Malingering, Lies, and Junk Science in the Courtroom

by Jack Kitaeff


Cited as a scholarly reference by the United States Supreme Court in the case of U.S. v. Graydon Earl Comstock, No.08-1224 (November 4, 2009), this book presents a scholarly examination of some of the most popular psychiatric disorders, psychological syndromes, trauma disorders, addictions, and emotional injury claims in an attempt to determine if these are merely forms of malingering being used to achieve financial gain through litigation, or as a means of escaping criminal or civil responsibility. The book also examines unreliable and unsubstantiated treatment and assessment methods used by the mental health industry which find their way into the courtroom.

There has been a significant amount of research (and anecdotal evidence) recently presented in the scientific literature regarding many of the above-mentioned topics. In addition, there is a seemingly neverending parade of legal cases in the media which are examples of some of the topics of this book (e.g., the Andrea Yates case and others).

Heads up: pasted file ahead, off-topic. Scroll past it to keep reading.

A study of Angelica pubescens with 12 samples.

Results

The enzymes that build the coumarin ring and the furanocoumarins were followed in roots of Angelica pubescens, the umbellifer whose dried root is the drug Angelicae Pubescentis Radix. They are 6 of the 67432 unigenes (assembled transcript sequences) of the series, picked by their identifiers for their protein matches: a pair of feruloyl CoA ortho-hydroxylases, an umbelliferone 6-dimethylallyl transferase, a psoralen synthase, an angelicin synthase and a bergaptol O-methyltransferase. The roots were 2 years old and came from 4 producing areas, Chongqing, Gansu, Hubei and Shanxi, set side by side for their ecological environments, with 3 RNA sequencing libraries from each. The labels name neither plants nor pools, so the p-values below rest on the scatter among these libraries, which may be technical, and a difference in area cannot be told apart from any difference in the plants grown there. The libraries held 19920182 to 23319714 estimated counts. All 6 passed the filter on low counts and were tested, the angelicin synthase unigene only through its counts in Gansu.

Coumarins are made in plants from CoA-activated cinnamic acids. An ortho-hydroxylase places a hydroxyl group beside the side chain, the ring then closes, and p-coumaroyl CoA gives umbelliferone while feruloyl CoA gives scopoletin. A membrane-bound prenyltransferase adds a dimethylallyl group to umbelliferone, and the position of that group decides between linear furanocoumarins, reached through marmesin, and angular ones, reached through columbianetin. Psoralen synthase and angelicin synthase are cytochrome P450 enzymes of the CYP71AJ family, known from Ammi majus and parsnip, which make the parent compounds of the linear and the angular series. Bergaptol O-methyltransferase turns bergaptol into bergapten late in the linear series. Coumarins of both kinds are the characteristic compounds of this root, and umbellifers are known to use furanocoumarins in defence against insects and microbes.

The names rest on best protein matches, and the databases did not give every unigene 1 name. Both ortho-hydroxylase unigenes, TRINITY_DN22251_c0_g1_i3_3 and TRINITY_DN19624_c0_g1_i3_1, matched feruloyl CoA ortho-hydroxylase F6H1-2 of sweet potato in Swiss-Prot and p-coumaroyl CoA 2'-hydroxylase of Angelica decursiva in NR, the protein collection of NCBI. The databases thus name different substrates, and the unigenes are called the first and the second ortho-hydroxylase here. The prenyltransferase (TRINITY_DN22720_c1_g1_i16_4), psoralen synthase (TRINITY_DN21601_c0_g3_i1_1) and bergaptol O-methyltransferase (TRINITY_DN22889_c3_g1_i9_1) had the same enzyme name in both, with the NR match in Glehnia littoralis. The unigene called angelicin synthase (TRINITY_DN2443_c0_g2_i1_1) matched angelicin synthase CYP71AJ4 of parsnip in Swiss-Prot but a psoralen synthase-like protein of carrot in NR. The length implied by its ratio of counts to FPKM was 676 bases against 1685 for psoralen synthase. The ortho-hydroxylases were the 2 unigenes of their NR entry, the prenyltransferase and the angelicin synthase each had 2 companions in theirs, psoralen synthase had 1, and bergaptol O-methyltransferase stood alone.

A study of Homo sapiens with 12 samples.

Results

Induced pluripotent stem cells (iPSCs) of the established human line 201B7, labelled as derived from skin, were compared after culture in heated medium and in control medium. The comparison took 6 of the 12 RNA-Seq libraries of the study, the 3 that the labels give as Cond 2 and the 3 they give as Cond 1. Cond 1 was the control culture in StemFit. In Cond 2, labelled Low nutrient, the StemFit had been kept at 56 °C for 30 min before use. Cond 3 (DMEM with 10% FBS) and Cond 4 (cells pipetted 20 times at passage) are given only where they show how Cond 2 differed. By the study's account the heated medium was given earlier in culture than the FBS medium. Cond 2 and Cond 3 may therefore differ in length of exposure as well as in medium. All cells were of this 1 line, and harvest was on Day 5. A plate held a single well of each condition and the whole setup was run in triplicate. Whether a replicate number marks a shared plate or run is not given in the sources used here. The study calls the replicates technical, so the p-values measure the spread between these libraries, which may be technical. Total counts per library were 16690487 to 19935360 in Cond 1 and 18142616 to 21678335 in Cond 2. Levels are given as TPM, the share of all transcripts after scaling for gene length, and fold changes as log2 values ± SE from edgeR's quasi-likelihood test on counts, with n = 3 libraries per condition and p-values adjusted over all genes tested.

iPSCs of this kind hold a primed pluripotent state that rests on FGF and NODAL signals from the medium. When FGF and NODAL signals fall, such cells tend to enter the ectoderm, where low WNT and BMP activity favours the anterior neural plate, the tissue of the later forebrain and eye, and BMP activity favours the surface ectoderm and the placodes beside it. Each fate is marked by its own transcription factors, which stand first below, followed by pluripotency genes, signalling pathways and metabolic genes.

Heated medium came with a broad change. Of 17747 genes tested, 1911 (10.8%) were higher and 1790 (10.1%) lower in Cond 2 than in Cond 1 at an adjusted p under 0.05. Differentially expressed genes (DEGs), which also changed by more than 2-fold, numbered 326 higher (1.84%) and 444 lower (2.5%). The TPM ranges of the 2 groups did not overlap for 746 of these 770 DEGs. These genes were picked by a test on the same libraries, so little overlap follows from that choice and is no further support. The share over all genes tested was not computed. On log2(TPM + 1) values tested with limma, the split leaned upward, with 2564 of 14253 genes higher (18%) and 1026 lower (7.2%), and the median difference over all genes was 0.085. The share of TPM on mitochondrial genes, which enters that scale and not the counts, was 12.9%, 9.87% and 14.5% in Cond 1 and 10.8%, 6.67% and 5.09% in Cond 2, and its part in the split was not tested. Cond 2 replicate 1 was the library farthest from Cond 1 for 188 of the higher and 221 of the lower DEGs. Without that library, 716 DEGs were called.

What distinguishes this edited book from others is (1) it does not shy away from confronting the unusual and even bizarre psychological phenomena which the legal profession must deal with; (2) it provides a solid theoretical review from renown psychologists, psychiatrists, and lawyers; (3) it provides the latest psychological research findings relating to various questionable disorders and methods; (4) it presents real-life experiences from the courtroom; and (5) relevant case law is discussed.

This book will be of monumental use to practicing attorneys and law students, practicing psychologists and psychiatrists, and students in mental health and criminal justice. The book will allow for a clear understanding of “syndrome” evidence, its uses and abuses, malingering, phony and bogus “diseases” and “addictions,” and how patients, clients, and defendants (as well as psychiatrists, psychologists, and lawyers) abuse the mental health and legal systems in order to escape criminal culpability, attain benefits, or make a case.